Washington D.c., MD (PressExposure) March 14, 2009 -- Recently released Federal Reserve figures show that household wealth fell by a record $5.1 trillion in the period October to December 2008, which was almost twice as much as the decrease in the previous quarter.
According to the Federal Reserve's quarterly Flow of Funds report that was released March 12, 2009, the net worth of households and non-profit groups dropped to $51.5 trillion from $56.6 trillion in the third quarter of last year, making in the lowest level for four years.
Household net worth fell in five successive quarters creating a loss of $12.8 trillion during that period and the decline comes close to equaling the total size of the U.S. economy, which stood at $14.2 trillion in the last three months of 2008.
America's overall wealth declined by $11.2 trillion in 2008 from the previous year, which is the biggest annual decrease since the government began keeping its quarterly records in 1952.
Total borrowing by consumers, businesses and government agencies rose to an annual rate of 6.3% during last quarter, compared with an 8.1% rise during the prior quarter, and the gain was led by a 37% increase in borrowing by the federal government, and borrowing by state and local governments rose at a 1.2% rate.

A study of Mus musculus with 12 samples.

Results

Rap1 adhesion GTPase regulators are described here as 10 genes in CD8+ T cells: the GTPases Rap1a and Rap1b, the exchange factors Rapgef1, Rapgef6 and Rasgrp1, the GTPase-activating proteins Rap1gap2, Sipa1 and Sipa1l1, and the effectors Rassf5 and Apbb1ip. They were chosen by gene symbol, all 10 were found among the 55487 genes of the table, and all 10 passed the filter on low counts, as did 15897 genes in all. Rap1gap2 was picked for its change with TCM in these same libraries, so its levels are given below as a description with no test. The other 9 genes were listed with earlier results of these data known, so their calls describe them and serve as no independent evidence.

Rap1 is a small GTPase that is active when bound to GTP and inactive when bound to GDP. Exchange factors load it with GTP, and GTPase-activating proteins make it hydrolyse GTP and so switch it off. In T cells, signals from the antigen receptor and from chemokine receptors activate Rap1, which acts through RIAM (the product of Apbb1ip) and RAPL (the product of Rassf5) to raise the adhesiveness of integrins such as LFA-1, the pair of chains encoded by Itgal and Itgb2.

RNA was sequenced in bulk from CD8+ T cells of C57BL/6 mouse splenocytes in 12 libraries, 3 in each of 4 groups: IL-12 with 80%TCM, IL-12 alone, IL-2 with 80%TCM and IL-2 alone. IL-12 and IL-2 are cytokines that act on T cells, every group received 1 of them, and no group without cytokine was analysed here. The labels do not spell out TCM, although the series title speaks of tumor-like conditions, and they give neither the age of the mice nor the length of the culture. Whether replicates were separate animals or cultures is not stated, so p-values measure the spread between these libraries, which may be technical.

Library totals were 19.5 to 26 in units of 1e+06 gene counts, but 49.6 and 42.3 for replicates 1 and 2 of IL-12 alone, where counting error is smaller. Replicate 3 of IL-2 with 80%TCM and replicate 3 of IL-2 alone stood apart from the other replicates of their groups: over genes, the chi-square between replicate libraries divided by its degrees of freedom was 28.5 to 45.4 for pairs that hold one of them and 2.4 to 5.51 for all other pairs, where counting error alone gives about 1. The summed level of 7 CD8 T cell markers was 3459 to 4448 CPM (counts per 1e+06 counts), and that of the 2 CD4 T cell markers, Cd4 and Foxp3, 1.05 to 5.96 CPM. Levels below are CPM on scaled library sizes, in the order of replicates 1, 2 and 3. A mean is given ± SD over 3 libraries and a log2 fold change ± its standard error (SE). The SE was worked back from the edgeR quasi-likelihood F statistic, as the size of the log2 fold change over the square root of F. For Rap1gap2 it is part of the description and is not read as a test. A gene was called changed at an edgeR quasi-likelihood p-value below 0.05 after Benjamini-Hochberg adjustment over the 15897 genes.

The amount borrowed by businesses climbed at an annual pace of 1.7% after having risen 4.1% during the previous quarter.
Additional figures that were just released by the Commerce Department indicate that purchases dropped at a 4.3% annual rate between October and December after falling by 3.8 % during the previous three months. The decline, which was led by the biggest drop in consumer spending in three decades caused the U.S. economy to shrink at a 6.2 % annual rate during the last quarter of 2008.
Debt dropped at a 2% annual rate, which was the first decrease on record, and mortgage borrowing fell at a 1.6% annual rate following a drop of 2.3% the previous quarter.
Many analysts expect people to hunker down, and to attempt to save more in the coming months which will further restrain spending and economic growth.
Jonathan Basile, who is an economist at Credit Suisse Holdings USA Inc. in New York opined, "I don't think it's any surprise that wealth has declined so much, given the bad news out of markets and house prices. This decline in wealth is a headwind for spending and it's a big reason to be cautious and to save", and Sal Guatieri, who is a senior economist at BMO Capital Markets in Toronto, said, "Evaporating wealth and forced savings, coupled with rampant job losses, suggest consumers will continue to hibernate".